Maura Thompson
03/03/13
Court Case #6
FOLEY
V.
SPECIAL SCHOOL DISTRICT OF ST. LOUIS COUNTY
UNITED STATES COURT OF APPEALS
Argued: January 15, 1998
Background:
An eleven year old student, Clare Foley, who was placed in a private school in St. Louis County, has a mild case of mental retardation. An evaluation team assessed Clare and determined that she needed special services once a week. When the parents of Clare demanded that those services be given to her in her classroom at the private school, the Special School District (SSD) refused. They offered Foley dual enrollment at a public school, in which she would travel to the school for those services. Although the parents of Clare accepted the dual enrollment, they did so under protest and requested an IDEA due process hearing.
Decision/ Rationale:
In the 1997 Amendments to the IDEA, it states that public schools are not required to pay for special education services to individual children, only classes a whole. Even though this section of the IDEA pertains to public schools, it would be against the law of Missouri to dictate them to do so. Therefore, the Court ruled that the Foleys had no individual rights under the IDEA to a special education and associated special services at the private school she attended.
Implications:
This directly affects numerous amounts of students all over the country every day. I don’t think it’s fair to those children who decide to go to private schools, that they cannot receive the proper services that are offered to them at public schools. A lot of children need special education services. This is implying that no special needs student will be allowed to attend a private school because they won’t receive the proper help they need. All special services pertaining to special education students should be offered at every school that way they have the same opportunity to choose what school they want to attend, regardless of their mental condition.
Quiz Question:
(T/F) It is mandatory for public and private schools to offer special education services to all of their students under IDEA?



Rebekah Watson
Court Case #6

FOLEY
V.
SPECIAL SCHOOL DISTRICT OF ST. LOUIS COUNTY
NO. 97-2419
UNITED STATES COURT OF APPEALS
Argued: January 15, 1998

Background:

Clare Foley’s parents placed their eleven year old with mild retardation in St. Peter’s Catholic School and requested she receive special education services from SSD. An evaluation team declared she receive one hour of occupational therapy, one half-hour of physical therapy, and one hour of language services per week. Her parents requested the services to be delivered in her classroom. Instead, the school offered dual enrollment status where Foley would be transported to public school for her services. The parents accepted while requesting an IDEA due process hearing.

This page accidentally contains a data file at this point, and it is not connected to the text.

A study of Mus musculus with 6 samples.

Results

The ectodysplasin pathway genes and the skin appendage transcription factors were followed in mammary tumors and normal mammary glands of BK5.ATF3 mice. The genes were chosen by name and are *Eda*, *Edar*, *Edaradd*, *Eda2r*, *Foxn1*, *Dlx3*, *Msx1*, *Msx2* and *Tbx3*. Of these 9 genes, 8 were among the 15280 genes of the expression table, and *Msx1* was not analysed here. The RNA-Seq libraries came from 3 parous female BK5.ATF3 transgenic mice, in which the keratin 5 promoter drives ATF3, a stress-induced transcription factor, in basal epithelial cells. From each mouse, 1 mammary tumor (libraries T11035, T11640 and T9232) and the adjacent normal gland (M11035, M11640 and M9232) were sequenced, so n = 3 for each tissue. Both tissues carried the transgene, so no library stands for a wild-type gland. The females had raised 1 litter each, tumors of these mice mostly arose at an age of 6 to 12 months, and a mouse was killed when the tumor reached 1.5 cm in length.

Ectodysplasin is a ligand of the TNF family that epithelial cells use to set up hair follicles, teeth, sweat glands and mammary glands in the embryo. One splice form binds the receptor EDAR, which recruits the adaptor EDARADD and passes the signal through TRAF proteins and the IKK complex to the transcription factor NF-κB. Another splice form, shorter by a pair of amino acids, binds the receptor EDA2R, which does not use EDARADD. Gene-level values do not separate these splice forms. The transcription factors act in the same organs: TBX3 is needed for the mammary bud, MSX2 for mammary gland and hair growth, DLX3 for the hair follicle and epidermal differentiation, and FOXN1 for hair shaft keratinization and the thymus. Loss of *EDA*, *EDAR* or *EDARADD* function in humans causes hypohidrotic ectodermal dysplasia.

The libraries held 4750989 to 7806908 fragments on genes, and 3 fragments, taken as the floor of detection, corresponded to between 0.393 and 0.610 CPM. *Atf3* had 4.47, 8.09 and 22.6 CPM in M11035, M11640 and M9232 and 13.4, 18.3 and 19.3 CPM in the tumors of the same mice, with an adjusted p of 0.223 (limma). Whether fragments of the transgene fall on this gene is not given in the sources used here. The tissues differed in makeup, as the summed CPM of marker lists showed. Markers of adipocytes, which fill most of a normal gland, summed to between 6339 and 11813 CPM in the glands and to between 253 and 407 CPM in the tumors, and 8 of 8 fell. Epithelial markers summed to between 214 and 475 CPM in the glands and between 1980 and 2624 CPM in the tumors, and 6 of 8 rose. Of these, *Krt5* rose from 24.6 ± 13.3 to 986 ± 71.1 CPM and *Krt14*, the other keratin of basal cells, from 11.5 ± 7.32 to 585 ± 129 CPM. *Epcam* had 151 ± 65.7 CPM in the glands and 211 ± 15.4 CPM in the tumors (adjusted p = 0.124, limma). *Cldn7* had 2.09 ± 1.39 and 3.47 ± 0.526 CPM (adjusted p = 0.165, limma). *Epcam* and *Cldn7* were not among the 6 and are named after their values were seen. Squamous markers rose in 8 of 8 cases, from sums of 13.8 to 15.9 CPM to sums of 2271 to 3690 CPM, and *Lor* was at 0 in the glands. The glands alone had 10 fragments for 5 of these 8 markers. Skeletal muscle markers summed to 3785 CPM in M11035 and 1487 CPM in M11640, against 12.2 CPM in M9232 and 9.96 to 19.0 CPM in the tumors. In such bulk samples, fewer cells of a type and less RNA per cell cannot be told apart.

Decision/ Rationale:

Due to the 1997 Amendments to IDEA, the court ruled that the Foleys had no individual rights under IDEA to a special education and associated special services to be made at St. Peter’s Catholic School. The amendments state that public schools are not required to pay for special education services for individual students. They are only required to pay for whole classes.

Implications:

This case states that it is unlawful for schools to provide funds for individuals; instead it must be special education classes as a whole. This means that as teachers we must be aware that our students with an IDEA that states they must receive special services must be included in a classroom with other students with the same services required. Students do not have individual rights under IDEA, therefore they must follow suit with the whole.

Quiz Question: T/F

Students have individual rights under the IDEA to a special education and associated special services.